I didn’t sleep much last night. I should have brought a sleeping bag as it got just a little cold, though you wouldn’t call it cold, but just enough to keep you awake. Got up at 5.00 by which time many were already stirring. Went to the toilets on the edge of the field, about 200 yards away. Went into the latrines as I did yesterday, only to find there were several women in it, no men. For a nanosecond I thought about it, then decided I’m not that liberal, so went off to find a cabin; there were many of them.
I said goodbye to some of the Westminster and Brentwood diocesan groups, the few who were awake, and headed off to section ‘T1″, which was for the priests who were to conconcelebrate. I got to the entrance only to find a line of priests already there. I thought we’d be there for ages: someone had said ‘we’ll be kept here till the Pope arrives’. Fortunately we weren’t and after a good period of time, I was too asleep to notice how long, we were let in. We clergy were sent from pillar to post, find where we should be. Most priests took it in good humour. Some were charging through, jumping queues, in order to get the best seats. That was annoying. Then eventually when we got our seats they decided to give out chasubles. This led to another unseemly crush as we all rushed forward like shoppers at a Harrods Sale. God knows why we had to wear chasubles. It’s not as if we were on the stage, for the world to see, we were on ground level just in front of it, and the temperature was climbing up to the mid 30’s.
Then it was a matter of waiting. However, once you got your seat waiting didn’t matter so much. Once again we were entertained from the stage with lots of sound south american music, not that the clergy were doing the samba. I chatted to my neighbour, a filipino priest, now working in the USA. Fr Luke (East Anglican Diocese) was a row ahead of me, without a chasuble: they had run out. I gave him mine afterwards (they give them away after the mass), he was delighted. All I was thinking of was not having to carry extra weight in my small rucksack. Met Fr Peter Kovacs from Leeds University; tried to invite myself along to his chaplaincy. I think I spotted Fr Michael, a remarkable 85 year old. He has come to every WYD since the beginning. He told me the young people from his diocese, East Anglia, see him as a kind of mascot. It can’t be easy for him as the distances to walk would tax a young person. I don’t know how many priests there were, in all there must have been a thousand. Many more had got onto the stage; they’re the ones who pushed past me!
The Pope arrived and began mass. It was 8 am, so it would be over before it got too hot. Before the Pope arrived the President of Panama came with his huge entourage, and I believe two or three other heads State. It was interesting to watch them arrive with their elegant wives. There were lots of body guards. I mean lots. I saw the British Ambassador; he sat with the other diplomats. It was the last time we would see the Pope and listen to his words of wisdom. He encouraged the youngsters to take the message of world youth day to others; to be like Mary: to say “yes” to God.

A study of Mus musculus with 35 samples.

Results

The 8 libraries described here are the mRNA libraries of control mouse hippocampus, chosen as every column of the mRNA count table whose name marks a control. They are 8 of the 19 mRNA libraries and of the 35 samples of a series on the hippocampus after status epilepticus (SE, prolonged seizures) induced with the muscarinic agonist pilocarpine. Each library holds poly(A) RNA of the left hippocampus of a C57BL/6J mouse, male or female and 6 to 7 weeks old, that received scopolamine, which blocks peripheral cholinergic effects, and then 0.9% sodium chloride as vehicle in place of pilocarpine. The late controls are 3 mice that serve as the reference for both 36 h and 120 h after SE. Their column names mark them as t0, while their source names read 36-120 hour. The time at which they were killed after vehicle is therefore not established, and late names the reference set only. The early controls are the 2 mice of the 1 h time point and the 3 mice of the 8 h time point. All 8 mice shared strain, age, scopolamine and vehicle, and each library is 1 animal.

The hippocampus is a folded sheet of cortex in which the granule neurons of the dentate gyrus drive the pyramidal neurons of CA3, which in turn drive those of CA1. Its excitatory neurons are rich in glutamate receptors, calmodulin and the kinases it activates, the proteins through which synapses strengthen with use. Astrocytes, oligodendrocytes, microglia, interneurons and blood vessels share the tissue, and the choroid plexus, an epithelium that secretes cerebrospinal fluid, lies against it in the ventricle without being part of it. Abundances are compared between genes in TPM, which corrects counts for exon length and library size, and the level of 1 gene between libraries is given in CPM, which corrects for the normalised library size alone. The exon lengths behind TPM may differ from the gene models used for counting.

We all waited somewhat excitedly at the end of the mass to see which country would host WYD next year: it was Portugal.Big cheers went up, especially from the Portugues who were there. There had been about 700,000 young people, which was the smallest of all the gatherings. It was still only about 11am and Fr Dominic and I met up with the East Anglia group. We then proceeded to walk the 7-8 kms to the metro. We had to stop a couple of times for one of the group who wasn’t feeling well. Eventually the group stopped and went no further. They stopped and phoned for an Uber taxi. God knows when it would arrive as the small roads were gridlocked. I headed off by myself to the metro.
The journey back on the metro was quiet. Everyone was clearly exhausted, emotionally and physically. No shouting or chanting, no singing or banner waving. We all poured out at our stop. I went into the mall and had myself a meal: the kind of fast-food, chicken and chips, that I would normally run a mile from. I felt a lot better afterwards. Caught the, by now, familiar bus, B850, that dropped me off 400 yards from our apartment block.
My evening finished with the best meal I’ve had since I arrived here. It was expensive: $80 for two of us: two courses with drinks, lots of… So that was WYD over for another couple of years. Fr Peter Kovacs said many priests only come once, they couldn’t cope with the physical discomforts of the event. For me the advantages, the blessings, far out weighed the disadvantages. And I certainly will come again, especially if I am vocation’s director in 2 years time
WYD is testimony to what young people can be like; it is young people at their best: full of energy, fun, enthusiasm and faith. You see humanity at its best. We have a lot of work to do, we priests and older people, to make our youth feel less invisible, to make them feel not only welcome in our churches but important and helpful. We need to give them responsibility. there is a lot of work to be done. they Synod of Bishops on Youth will help, as will the Pope’s encyclical on the same topic when it comes to be written later this year. I shall remember for a long time the goodness of the Panamanian people and how they made us feel so welcome. We kept thanking them as we made our way home: the locals, the police, the soldiers, everyone: ‘Thank you Panama”.
I hope you have enjoyed reading this as much as I have writing it. There is just one more major event before I take some time off, that is tomorrow when we Carmelites have an International Day for Carmelite Youth: looking forward to that. God bless.